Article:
Licensed to Practice in Texas and Colorado

Alimony In Texas

When it first took effect in 1997, many practitioners believed that the limited spousal support law would be gradually expanded over time until there was a presumption in favor of long-term alimony in Texas. But the law has been significantly expanded only once – in 2013 – and given the current political climate, it may not be expanded again. At the very least, it seems like spousal maintenance will never reach the level that many advocates hoped it would.

In many states, most notably Florida, there is an intense debate regarding the nature of alimony and its place in modern divorces. Texas lawmakers have embraced a system whereby needy spouses have extra cash available, but the payments are not designed to equalize the standard of living between the ex-spouses.


Section 8.053 contains a rebuttable presumption against spousal maintenance. To overcome that presumption, the requesting spouse must make a diligent effort to:

  • Earn sufficient income to meet their “minimum reasonable needs,” or
  • Develop sufficient skills to provide for their “minimum reasonable needs.”

The presumption can also be overcome if the requesting spouse is disabled or has custody of a disabled child.

Once there is a sufficient amount of evidence in the record, the judge may award maintenance for the absolute minimum amount of time necessary. For example, assume that Wife has limited job skills and intends to enroll in a six-month program at a local technical college. In that case, the judge may award maintenance for six months.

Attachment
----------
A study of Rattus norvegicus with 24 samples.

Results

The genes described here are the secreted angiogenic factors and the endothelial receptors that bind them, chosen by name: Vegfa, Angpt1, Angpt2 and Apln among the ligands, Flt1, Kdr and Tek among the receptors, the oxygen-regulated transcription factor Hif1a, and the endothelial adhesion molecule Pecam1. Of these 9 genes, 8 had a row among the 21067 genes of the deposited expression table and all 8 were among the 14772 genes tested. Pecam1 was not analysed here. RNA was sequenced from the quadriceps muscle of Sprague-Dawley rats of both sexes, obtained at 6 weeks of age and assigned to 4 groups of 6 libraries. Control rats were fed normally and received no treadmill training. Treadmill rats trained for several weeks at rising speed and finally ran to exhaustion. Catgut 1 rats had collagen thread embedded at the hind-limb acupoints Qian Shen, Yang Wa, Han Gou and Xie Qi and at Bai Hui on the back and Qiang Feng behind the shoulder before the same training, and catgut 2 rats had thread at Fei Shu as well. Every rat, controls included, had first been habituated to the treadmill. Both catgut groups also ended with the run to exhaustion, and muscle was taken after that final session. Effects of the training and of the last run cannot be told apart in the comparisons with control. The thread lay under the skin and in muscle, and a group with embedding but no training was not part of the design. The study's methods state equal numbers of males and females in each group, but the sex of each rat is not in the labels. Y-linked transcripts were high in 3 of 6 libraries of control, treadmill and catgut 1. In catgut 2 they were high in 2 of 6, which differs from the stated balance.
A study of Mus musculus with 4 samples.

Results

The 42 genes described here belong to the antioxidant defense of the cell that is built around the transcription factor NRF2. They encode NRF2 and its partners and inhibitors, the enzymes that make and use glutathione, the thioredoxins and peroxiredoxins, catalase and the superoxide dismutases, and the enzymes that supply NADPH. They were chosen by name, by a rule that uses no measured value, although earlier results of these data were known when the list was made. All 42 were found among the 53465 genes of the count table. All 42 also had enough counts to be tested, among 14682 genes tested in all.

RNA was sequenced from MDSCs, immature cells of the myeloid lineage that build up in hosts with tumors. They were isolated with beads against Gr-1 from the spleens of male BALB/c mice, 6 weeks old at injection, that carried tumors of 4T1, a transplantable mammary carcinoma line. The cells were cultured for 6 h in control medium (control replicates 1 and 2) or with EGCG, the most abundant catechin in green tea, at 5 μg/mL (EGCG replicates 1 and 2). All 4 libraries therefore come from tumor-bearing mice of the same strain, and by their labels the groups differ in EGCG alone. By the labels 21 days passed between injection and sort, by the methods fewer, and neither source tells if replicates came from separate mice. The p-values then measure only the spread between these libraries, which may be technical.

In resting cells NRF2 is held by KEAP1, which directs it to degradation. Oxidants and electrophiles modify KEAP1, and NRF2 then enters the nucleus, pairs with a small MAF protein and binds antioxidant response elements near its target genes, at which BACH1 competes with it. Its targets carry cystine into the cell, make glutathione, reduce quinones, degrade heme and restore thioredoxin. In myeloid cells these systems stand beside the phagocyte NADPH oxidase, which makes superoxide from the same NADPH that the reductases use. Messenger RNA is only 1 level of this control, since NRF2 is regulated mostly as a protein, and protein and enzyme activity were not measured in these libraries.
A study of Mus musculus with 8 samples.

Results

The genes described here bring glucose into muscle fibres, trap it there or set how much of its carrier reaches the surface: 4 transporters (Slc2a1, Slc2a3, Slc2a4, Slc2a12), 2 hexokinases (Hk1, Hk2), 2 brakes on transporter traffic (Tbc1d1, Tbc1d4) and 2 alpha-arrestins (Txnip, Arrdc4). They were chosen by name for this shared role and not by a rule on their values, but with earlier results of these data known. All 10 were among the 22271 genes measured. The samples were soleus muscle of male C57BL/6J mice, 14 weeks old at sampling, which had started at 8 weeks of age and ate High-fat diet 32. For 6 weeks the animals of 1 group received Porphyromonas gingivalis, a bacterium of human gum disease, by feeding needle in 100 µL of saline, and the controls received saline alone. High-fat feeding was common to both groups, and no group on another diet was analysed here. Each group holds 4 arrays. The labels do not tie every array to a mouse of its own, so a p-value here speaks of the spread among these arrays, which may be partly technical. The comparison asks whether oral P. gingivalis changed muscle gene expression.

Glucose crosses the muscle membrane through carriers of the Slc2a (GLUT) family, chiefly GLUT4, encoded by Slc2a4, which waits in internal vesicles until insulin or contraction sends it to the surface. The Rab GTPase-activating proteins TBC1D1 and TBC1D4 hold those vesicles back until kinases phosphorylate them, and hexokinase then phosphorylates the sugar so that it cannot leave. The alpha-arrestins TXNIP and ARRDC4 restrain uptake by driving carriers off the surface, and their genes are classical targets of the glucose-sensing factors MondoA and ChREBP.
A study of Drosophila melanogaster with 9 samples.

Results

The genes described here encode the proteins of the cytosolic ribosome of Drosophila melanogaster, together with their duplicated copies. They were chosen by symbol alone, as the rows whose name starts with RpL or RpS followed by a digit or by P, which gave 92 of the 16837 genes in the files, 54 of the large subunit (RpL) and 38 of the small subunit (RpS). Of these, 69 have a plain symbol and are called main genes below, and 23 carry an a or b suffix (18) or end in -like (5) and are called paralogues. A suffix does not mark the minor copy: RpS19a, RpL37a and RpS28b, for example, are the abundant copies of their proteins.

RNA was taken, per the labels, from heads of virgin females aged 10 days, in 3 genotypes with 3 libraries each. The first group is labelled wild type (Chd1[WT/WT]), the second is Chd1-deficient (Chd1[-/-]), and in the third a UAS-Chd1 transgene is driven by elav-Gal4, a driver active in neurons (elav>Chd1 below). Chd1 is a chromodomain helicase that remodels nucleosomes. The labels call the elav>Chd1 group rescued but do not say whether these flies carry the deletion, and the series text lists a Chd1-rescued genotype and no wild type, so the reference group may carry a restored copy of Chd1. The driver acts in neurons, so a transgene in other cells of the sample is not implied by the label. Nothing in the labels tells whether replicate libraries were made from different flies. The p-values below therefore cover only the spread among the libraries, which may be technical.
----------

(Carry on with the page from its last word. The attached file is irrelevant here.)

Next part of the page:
Amount and Duration of Payments

Once legal eligibility for alimony is established, the judge may consider a number of factors to determine the specifics, including:

  • Comparative Economic Status: This factor essentially balances the obligor spouse’s ability to pay with the obligee spouse’s need.
  • Future Economic Status: For example, if one spouse is considerably older than the other, that spouse has less future income-earning potential.
  • Child Support Obligation: A large monthly payment impairs the obligor spouse’s ability to pay spousal maintenance.
  • Noneconomic Contributions: In this context, a full-time caregiver is given equal weight with a full-time wage earner.
  • Fault in the Breakup of the Marriage: The statute specifically mentions adultery and cruel treatment.

The judge may also consider dissipation (waste) of community assets and the separate property of each spouse.

Payments are capped at the lesser of $5,000 per month or 20 percent of the obligor spouse’s gross monthly income. There is also a duration cap of five years (for marriages that lasted fewer than two decades), seven years (20 to 30 year marriage), or ten years (more than 30 years).

Limited alimony is available in Texas. For a free consultation with an aggressive McKinney family law attorney, contact the Law Office of Bryan D. Perkins today. The sooner you call, the sooner we can stand up for your legal and financial rights.